Gigatown 'game changer'

Digital Community Trust chairman Chris Staynes believes winning the Gigatown Competition could be...
Digital Community Trust chairman Chris Staynes believes winning the Gigatown Competition could be a game changer for Dunedin. Photo by Jonathan Chilton-Towle.
Becoming the first city in the country to have a gigabit-speed internet connection could be a welcome fillip for Dunedin's economy.

The Gigatown winner will be the first town in the Southern Hemisphere to access a one gigabit per second (1Gbps) internet connection which is tipped to be a major drawcard for business interests looking to set up shop, and a major boost to existing organisations.

The current average New Zealand broadband speed is 10Mbps (Megabytes per second) and this can be increased to 100Mbps by connecting to the new ultrafast broadband (UFB) network Chorus is rolling out.

The winning town would blow even the UFB speed out of the water with connections of up to 1000Mbps (1 gigabyte) available.

Chorus social media specialist Jon Dow said the competition was essentially an advertising campaign for Chorus, the company undertaking the UFB roll-out around New Zealand.

If Dunedin won the gigabit, connections would be available in 2015 at the earliest, although some areas would not be able to access it immediately as they would not become part of the UFB network until 2016.

Any home already connected to the UFB network would be able to discuss switching to the faster connection with their provider immediately.

Those not connected to UFB would need to get a connection to the network before they could use the gigabit internet.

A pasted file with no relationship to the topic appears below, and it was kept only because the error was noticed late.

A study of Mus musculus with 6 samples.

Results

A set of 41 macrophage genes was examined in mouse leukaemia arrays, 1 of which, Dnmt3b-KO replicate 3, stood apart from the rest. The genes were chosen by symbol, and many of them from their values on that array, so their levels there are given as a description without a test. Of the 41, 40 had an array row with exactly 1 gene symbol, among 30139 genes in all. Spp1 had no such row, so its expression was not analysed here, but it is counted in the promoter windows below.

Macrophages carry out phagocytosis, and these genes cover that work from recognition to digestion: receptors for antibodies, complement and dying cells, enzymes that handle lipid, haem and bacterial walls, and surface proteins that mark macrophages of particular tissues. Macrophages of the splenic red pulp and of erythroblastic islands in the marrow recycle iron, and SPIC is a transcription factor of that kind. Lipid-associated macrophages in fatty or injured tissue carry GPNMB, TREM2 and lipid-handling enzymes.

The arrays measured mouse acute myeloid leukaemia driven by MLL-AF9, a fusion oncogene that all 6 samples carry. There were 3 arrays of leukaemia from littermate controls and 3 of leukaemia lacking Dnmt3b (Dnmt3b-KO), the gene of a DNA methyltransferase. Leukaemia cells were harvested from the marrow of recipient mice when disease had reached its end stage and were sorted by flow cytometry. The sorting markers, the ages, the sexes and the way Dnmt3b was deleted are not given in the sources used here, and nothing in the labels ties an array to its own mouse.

Chorus has already installed UFB fibre in central areas, such as Dunedin City, North Dunedin, Maori Hill, South Dunedin and Roslyn.

It was also available in a few outlying areas, such as St Clair and parts of the Kaikorai Valley and Mosgiel. The plan is to connect the rest of the city by June 2016.

Schools and hospitals would be the first big winners, as they were already connected to the UFB network as a priority, Mr Dow said.

Wholesale prices of 1 gigabit connections for residential users in the winning town would be $37.50. For businesses the wholesale price would be between $50 and $80.

While it was up to individual internet providers to set their prices, the transparency would ensure the low wholesale prices translated into low retail prices, he said.

Mr Dow predicted residents in the winning town would be looking at paying between $75 and $100 per month for the 1-gigabit connections.

Businesses would be the big winners, paying about $80 a month, where they were paying, on average, $500 or $600 now.

Digital Office Gigatown promoter Josh Jenkins said the benefits of winning Gigatown would be significant and wide-reaching.

''It would be a catalytic event that would help Dunedin's economy gain momentum.

Gigabit speeds would provide opportunities for innovation and development in the health, education, design, and niche manufacturing sectors.

This will attract investment into Dunedin and in turn talented people to live and work here because they can work globally and enjoy the great lifestyle.

''It is an amazing opportunity to make Dunedin the most connected city in the southern hemisphere. Surely that would drive innovation and attract businesses to our city,'' he said.

Digital Community Trust chairman and city councillor Chris Staynes predicted winning Gigatown would be a ''game changer'' for Dunedin.

The council's economic development strategy already planned for the city to progress as a knowledge-based economy.

The University of Otago and Otago Polytechnic were the city's largest businesses, he said.

Many other Dunedin businesses worked through the internet, and the engineers and manufacturers were innovators.

The gigabit-speed internet would provide a massive boost in connectivity to all these sectors.

Winning Gigatown would also allow more Dunedin residents access to the benefits of having high-speed internet connections, Cr Staynes said.